As a performance tester, I am always surprised to see how unprepared most retail websites are. Even when load testing has been done (to prepare for sales or marketing campaigns), most of the time it is nowhere close to the real users behavior. We’ve already seen the importance of response times in a previous article, but there are other aspects we should consider.
For instance, unless you spent the past years on a different planet, you have probably seen these videos where thousands of people rush into stores during sales. There is no reason why thing would happen differently on a retail website. So the question is how do I survive the stampede?
Focus on what you already know
As obvious as it may seem, you should start by analyzing your users behavior. If this is not your first rodeo, you probably know what to expect. Also, websites like google analytics will give you an idea of what should happen. But never underestimate the importance of analyzing this data.
For instance expecting 10 000 unique users over the first hour is good but how many of these will come during the first 10 minutes? The first minute? Even seasoned load testers tend to think only about averaged loads. In this case you should focus on the critical moments, usually the first minutes.
A typical mechanism to lighten the load is to let your users prepare a wishlist a few weeks in advance. But then you can be sure that most of them will be there on D day to hit refresh until the sales is on. They will then proceed to the payment as fast as they can.
Your load tests should reflect this behavior as well as a classic user filling its cart. Also have you taken into account the bounce rate? On most websites 90% of the users don’t go to the end of the purchasing process. You have to simulate this in your test scenarios or you will end up optimizing the wrong layers.
Mutualization reduces costs but also increases risks.
I worked with a customer running load tests every 6 months prior to the sales. Every time they would say “ok if we have time we will test the cash registers webservices”. Of course we never did and on the first day of one of the summer sales the database was overloaded by webservices calls. Because of this it was impossible to pay on the website and in the stores.
This could be seen as a design flaw, but one could argue that having the physical and electronic transactions in one database has some advantages. In this case, after upgrading the database things went smooth.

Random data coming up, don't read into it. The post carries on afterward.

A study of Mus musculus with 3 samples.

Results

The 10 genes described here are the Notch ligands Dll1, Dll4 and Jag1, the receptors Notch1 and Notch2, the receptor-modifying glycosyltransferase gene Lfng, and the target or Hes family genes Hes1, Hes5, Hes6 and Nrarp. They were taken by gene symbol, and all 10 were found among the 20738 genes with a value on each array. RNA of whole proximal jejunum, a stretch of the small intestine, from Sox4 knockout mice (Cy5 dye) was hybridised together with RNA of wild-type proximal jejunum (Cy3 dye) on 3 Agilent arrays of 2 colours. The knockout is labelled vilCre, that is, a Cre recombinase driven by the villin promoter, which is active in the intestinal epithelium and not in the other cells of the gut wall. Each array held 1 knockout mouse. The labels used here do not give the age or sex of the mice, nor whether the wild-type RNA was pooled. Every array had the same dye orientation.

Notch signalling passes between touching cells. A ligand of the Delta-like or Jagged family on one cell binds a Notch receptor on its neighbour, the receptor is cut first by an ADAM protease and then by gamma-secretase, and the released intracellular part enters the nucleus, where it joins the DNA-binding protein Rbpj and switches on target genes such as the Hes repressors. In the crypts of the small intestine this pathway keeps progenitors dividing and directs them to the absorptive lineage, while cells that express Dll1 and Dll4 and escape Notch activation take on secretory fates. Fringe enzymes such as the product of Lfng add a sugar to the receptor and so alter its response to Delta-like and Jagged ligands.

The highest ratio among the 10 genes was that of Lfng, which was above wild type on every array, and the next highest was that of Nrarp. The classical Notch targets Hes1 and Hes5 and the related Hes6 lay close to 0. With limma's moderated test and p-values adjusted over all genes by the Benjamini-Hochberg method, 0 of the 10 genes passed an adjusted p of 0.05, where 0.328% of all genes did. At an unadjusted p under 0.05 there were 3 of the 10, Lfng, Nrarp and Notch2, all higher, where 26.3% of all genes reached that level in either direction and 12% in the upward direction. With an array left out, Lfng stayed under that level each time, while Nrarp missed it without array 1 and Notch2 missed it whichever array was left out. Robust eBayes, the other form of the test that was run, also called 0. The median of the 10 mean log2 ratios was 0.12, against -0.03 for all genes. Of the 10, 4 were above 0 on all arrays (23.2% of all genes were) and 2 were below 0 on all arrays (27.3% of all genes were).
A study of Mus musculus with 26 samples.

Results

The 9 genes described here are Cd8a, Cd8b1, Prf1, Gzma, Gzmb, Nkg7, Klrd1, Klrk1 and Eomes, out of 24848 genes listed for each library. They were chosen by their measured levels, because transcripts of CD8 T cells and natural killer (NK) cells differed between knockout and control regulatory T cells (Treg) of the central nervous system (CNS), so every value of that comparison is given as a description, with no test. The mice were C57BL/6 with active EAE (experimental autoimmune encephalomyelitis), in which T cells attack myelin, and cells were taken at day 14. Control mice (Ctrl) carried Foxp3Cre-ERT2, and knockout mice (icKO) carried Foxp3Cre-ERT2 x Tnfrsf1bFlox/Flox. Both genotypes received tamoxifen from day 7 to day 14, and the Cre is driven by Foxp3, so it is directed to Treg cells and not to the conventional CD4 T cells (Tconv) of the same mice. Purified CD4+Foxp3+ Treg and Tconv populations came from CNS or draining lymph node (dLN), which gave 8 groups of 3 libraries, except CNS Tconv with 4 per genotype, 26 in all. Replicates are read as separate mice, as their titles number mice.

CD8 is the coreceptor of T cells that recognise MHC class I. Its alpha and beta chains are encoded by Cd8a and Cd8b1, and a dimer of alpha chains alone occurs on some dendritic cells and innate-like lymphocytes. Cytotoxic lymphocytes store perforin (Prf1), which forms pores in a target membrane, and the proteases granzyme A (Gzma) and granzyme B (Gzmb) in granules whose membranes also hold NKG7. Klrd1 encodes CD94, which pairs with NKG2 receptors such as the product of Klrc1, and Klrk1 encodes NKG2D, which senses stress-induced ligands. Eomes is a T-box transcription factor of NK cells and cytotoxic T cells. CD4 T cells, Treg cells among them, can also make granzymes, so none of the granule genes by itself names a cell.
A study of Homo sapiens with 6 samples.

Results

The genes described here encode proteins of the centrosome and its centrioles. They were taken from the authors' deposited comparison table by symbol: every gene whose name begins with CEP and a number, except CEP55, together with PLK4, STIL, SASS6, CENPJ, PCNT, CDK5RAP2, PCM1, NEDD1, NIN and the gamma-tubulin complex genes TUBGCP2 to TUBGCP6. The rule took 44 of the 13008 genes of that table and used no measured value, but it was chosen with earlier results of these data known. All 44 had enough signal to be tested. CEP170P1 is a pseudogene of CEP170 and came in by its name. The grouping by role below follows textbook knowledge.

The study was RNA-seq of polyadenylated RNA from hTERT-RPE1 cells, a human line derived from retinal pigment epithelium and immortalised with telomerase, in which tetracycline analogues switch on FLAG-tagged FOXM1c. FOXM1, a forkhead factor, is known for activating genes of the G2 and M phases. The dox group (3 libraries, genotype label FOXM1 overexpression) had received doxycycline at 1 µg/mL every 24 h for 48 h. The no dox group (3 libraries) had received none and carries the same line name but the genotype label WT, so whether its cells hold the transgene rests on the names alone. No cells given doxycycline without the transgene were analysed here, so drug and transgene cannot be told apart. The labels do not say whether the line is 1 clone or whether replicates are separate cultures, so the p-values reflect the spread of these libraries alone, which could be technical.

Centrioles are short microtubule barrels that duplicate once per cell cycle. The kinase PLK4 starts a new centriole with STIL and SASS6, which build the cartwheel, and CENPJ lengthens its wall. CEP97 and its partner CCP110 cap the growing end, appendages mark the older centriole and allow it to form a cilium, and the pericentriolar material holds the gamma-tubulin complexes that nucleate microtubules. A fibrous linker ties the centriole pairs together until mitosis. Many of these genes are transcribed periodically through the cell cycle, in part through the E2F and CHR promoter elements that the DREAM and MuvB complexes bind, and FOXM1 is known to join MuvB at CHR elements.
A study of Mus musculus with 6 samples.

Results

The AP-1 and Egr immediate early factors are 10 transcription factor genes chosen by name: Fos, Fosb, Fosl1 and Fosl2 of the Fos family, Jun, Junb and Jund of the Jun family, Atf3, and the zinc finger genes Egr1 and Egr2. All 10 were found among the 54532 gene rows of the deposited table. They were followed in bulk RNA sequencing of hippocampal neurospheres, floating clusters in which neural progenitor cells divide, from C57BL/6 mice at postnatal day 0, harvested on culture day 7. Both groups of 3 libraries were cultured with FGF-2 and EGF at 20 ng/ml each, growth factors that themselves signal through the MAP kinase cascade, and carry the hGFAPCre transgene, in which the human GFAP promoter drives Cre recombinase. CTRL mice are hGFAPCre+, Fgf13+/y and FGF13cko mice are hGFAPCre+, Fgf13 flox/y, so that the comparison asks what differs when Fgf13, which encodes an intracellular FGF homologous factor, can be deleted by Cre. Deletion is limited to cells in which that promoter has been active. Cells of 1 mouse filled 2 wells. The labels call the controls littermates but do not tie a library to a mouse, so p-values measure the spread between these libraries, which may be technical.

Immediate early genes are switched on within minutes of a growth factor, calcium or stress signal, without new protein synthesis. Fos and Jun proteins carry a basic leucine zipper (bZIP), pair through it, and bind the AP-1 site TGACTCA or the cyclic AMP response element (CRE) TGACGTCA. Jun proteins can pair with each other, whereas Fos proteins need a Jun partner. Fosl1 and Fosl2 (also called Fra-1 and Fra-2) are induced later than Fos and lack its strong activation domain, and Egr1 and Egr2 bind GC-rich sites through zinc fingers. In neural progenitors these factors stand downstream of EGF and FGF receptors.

The bottom line is that a successfull load test must be conducted in real conditions. Considering part of the load as a non issue was the mistake in this case.
If you have any component mutualization, you should always try to consider the load on these as well. Think of a firewall used on several environments or load balancer serving several applications. Most often than not, I found these to be responsible for bottlenecks (critical or not). They might be oversized, but what if they are overused?
How confident am I with my third party providers?
Are you positive all of them are scaled to face the load? You might think “hey, we already pay these guys to provide a service, we are not paying to test their solution” but in the end you put your business at risk. For instance, using a CDN is highly recommended to speed your website. But even a CDN has a limit, at least take the time to consider the load that will be generated on a peak period and check with them if they are able to deliver.
Also keep in mind that your CDN can only help you if the latest version of your resources has been deployed in their network. This can take a couple of hours. It can be a real issue if you update content on a regular basis or publish new content just before sales.
Where do my users come from?
Of course you probably have or consider having a mobile application or at least a mobile version of the website. This must be taken into account because mobile users behave very differently.
Latency can be dangerous to your servers connexion pools because every request and response will take longer. Packet loss might consume lots of bandwidth were you expected to just have a lighter version of your website. Do not overlook this because bandwidth and connection pools are common bottlenecks.
What should I do?
- Never. Assume. Anything.
- Look at what you already know, analyse the website usage and test accordingly.
- Test all or test nothing, include third party providers and background tasks to your tests as much as possible.
- Different devices, different issues. Take into account what device & network is used and reproduce it.